Here's a riddle: What landmark in Illinois has water on four sides, but is not an island?
The answer is Hogg Bluff, an isolated mass of sandstone that is bordered by a beaver lake on three sides and by a creek on the fourth side.
A narrow, horseshoe-shaped canyon separates Hogg Bluff from the hills to the north, west, and south. This was probably the ancient route of East Branch Cedar Creek, which now flows on the east side of the bluff.
When the Illinois Central Railroad built a rail line through here, the canyon was cut off, forming a small lake. The rails are long gone, but the old railbed has been converted into a road and hiking trail, providing access to the bluff.
Beavers, and their relentless engineering activities, have helped maintain the level of the lake.
Since Hogg Bluff is flanked by cliffs and water on three sides, reaching the top requires climbing a trail on the east side. The hilltop is fairly flat, and covered in a luxurious carpet of moss.
At the far tip of the bluff, overlooking the lake, small rocks provide built-in chairs.
The edge of the bluff provides clear views across the lake and canyon to the cliffs on the other side. Just don't get too close to the edge.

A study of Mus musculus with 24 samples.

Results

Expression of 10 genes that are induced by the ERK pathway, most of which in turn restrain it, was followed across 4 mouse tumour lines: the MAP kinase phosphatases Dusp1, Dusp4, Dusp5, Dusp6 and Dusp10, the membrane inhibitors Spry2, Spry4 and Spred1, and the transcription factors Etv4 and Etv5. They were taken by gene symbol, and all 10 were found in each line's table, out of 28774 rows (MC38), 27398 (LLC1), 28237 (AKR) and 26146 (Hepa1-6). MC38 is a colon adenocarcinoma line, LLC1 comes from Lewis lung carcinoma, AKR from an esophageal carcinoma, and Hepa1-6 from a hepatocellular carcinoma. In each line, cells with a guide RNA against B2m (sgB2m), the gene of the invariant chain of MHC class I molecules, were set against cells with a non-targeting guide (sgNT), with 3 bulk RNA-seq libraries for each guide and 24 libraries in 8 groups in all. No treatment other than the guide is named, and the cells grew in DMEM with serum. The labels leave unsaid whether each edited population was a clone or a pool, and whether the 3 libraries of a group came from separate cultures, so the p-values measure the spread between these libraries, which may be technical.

In medieval England, a place like this would make the perfect setting for a large castle. It's easily fortified and even has a built-in moat on three sides. One rock overhang, with its commanding view of the lake below, would make a throne fit for a king.
Native Americans did build a "stone fort" at this location, although it was probably more of a ceremonial site rather than a fortification. Hogg Bluff is one of 11 known stone fort sites in Southern Illinois. However, very little trace remains. Another stone fort at Giant City State Park has been partially reconstructed, giving an example of what Hogg Bluff's prehistoric stonework may have looked like.
Hogg Bluff is a short 0.6 mile walk along the flat, but sometimes muddy, railroad grade. The old rail grade continues north past the bluff, cutting through a hillside, until it reaches a gate marking the edge of Camp Ondessonk. On the day I visited, the rockcuts were drenched with icicles.
From Cape Girardeau, cross the Emerson Bridge and take Highway 146 through McClure, Ware, Jonesboro, Anna, and Vienna. Just past the I-24 interchange on the opposite side of Vienna, turn left on Highway 147. Go 6.4 miles and turn left on Gilead Church Road (County Highway 4). Follow this road for almost a mile and bear right on Gum Springs Road. Follow this paved road 1.6 miles to a bridge over Cedar Creek. On the left, just beyond the bridge, turn left into the parking area.
From the parking lot ("A" on the map), cross the paved road and walk east along an unmarked gravel county road. Look for a "ONE LANE BRIDGE" sign and a dirt road that branches off to the left. Take this dirt road (the old railroad bed) and follow it to Hogg Bluff ("B" on the map).
The parking lot also provides access to other interesting hiking trails; I'll have more on that in future blogs.